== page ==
A general view shows a section of the skyline in Ethiopia's capital Addis Ababa.  Picture: REUTERS
A general view shows a section of the skyline in Ethiopia's capital Addis Ababa. Picture: REUTERS

ADDIS ABABA — African foreign ministers are meeting in Addis Ababa, Ethiopia on Friday to discuss the continent’s fractured relationship with the International Criminal Court (ICC). While a mass walk out of the 34 African Union (AU) members who are party to the Rome Statue seems increasingly unlikely, a call for reform of the ICC and a decision to fast-track the establishment of an African Criminal Court could be made.

"We should not allow the ICC to continue to treat Africa and Africans in a condescending manner. That’s the reason why we have gathered here today," Tedros Adhanom, Ethiopia’s foreign minister, told those assembled for the extraordinary meeting called for by Kenya.

The ICC to date has opened investigations in eight countries and publicly indicted 32 people, all of them African. The AU has long protested that the court is unfairly targeting the continent and is particularly incensed by the indictment of serving heads of state — President Omar al-Bashir of Sudan, Kenyan President Uhuru Kenyatta, and his deputy William Ruto — which it says undermines efforts to promote peace and reconciliation in the affected countries.

"Far from promoting justice and reconciliation and contributing to the advancement of peace and stability in our continent, the court has transformed itself into a political instrument targeting Africa and Africans," Mr Adhanom said.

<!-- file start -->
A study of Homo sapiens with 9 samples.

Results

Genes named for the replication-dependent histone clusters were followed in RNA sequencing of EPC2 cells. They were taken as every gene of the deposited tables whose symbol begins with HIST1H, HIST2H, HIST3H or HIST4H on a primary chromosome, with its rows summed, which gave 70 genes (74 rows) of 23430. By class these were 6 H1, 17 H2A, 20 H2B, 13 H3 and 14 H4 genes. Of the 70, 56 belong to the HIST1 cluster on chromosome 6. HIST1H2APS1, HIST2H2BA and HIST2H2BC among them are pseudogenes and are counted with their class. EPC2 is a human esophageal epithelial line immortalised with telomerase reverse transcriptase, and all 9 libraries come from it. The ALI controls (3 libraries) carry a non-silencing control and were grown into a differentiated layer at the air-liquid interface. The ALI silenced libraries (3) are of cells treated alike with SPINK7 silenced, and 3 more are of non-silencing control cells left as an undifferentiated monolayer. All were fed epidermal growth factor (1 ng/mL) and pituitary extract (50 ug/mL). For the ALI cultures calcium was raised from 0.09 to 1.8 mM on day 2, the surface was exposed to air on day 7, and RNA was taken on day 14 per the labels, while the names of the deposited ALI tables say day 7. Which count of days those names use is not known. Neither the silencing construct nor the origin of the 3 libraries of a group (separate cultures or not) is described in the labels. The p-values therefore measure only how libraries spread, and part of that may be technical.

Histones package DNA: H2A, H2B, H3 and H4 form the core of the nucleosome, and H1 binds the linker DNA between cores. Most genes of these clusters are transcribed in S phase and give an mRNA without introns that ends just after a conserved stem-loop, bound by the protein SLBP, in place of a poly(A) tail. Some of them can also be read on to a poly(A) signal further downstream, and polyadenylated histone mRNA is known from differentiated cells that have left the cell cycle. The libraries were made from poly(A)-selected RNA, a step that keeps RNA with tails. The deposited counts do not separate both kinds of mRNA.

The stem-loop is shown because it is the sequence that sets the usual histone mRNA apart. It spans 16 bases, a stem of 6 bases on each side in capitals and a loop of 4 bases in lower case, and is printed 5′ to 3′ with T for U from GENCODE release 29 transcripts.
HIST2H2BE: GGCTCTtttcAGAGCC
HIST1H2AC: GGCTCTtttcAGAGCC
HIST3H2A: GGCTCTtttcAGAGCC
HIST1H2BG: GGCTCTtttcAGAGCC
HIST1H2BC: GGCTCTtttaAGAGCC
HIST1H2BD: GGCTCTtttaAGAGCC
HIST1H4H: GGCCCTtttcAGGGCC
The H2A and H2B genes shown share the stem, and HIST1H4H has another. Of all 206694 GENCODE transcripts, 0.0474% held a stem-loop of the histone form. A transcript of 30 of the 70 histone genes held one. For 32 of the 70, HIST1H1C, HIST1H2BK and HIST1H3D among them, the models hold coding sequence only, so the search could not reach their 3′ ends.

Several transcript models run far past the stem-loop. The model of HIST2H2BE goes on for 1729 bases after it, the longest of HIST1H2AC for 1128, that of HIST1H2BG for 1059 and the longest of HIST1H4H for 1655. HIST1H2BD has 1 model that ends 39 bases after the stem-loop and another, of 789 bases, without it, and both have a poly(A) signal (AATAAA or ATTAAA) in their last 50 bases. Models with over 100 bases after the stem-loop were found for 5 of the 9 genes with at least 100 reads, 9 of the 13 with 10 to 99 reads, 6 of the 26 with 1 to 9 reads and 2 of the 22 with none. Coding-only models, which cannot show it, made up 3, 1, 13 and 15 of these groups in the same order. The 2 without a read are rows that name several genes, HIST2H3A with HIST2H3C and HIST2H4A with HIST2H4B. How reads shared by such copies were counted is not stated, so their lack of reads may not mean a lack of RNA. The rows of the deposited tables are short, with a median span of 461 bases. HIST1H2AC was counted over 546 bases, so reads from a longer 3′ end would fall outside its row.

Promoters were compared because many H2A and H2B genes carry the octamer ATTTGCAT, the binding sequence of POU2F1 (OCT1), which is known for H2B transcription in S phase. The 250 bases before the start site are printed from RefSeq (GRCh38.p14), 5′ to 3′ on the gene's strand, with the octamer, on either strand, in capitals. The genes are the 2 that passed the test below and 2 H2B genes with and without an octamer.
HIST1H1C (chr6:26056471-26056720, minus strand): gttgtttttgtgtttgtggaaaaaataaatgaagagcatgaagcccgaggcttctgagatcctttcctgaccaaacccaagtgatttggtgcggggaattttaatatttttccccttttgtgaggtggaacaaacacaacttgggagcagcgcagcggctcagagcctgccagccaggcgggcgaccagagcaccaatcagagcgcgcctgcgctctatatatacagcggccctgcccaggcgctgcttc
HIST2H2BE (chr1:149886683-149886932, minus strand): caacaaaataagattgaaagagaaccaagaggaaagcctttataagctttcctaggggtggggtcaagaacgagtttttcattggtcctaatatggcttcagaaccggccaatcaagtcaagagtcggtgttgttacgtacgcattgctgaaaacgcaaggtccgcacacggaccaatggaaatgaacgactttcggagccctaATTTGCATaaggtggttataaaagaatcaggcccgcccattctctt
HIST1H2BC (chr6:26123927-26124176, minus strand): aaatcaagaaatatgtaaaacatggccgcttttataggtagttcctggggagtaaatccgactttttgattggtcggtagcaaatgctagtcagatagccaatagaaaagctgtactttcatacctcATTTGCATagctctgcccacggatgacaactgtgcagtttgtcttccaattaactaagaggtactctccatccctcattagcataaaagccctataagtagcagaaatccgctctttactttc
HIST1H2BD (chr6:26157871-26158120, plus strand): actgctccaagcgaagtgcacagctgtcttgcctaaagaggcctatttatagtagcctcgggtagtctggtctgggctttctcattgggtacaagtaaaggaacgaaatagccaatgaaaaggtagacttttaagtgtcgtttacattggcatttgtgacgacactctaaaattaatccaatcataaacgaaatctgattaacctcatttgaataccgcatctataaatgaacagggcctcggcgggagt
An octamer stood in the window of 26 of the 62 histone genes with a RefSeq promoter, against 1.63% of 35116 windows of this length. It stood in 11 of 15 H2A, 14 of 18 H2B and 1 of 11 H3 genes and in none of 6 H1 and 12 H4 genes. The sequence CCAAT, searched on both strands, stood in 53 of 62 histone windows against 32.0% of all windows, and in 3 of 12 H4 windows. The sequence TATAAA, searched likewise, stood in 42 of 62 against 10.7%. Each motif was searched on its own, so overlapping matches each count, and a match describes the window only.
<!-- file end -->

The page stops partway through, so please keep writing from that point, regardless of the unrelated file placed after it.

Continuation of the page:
He said that the recent ICC decision that Mr Kenyatta and Mr Ruto attend all court proceedings not only undermined the ability of the Kenyan leaders to discharging their constitutional responsibilities but also posed a threat to the country’s sovereignty. "The recent terrorist attack in Nairobi (is) underscoring the need for Kenyan leaders to be front and centre in the fight against terrorism and not be distracted in anyway by the court," Mr Adhanom said.

Ambassadors to the AU on Thursday drafted a declaration for consideration by foreign ministers on Friday and heads of state on Saturday. It is said to contain recommendations for the development of an AU framework on national reconciliation and justice based on existing legal instruments and the finalisation of the protocol on the establishment of the African Criminal Court which would investigate and prosecute gross violations of human rights committed within the continent.

There is also a feeling of increased frustration that repeated African requests to the United Nations (UN) Security Council, under article 16 of the Rome statue, for deferral of the cases against Mr Bashir and Mr Kenyatta have gone unheeded.

Senior researcher at the Institute of Security Studies in Addis Ababa Solomon Dersso said that any AU declaration would include a call for an amendment to article 16 allowing for the responsibility of deferring ICC cases to transfer to the UN General Assembly in instances when the UN Security Council failed to take a decision in a specified timeframe.

Declarations on the situation in Libya and the tragic death of more than 300 migrants off the coast of Lampedusa are also being considered, and heads of state will elect a new peace and security commissioner on Saturday to replace Ramtane Lamamra who was recently appointed foreign minister of Algeria.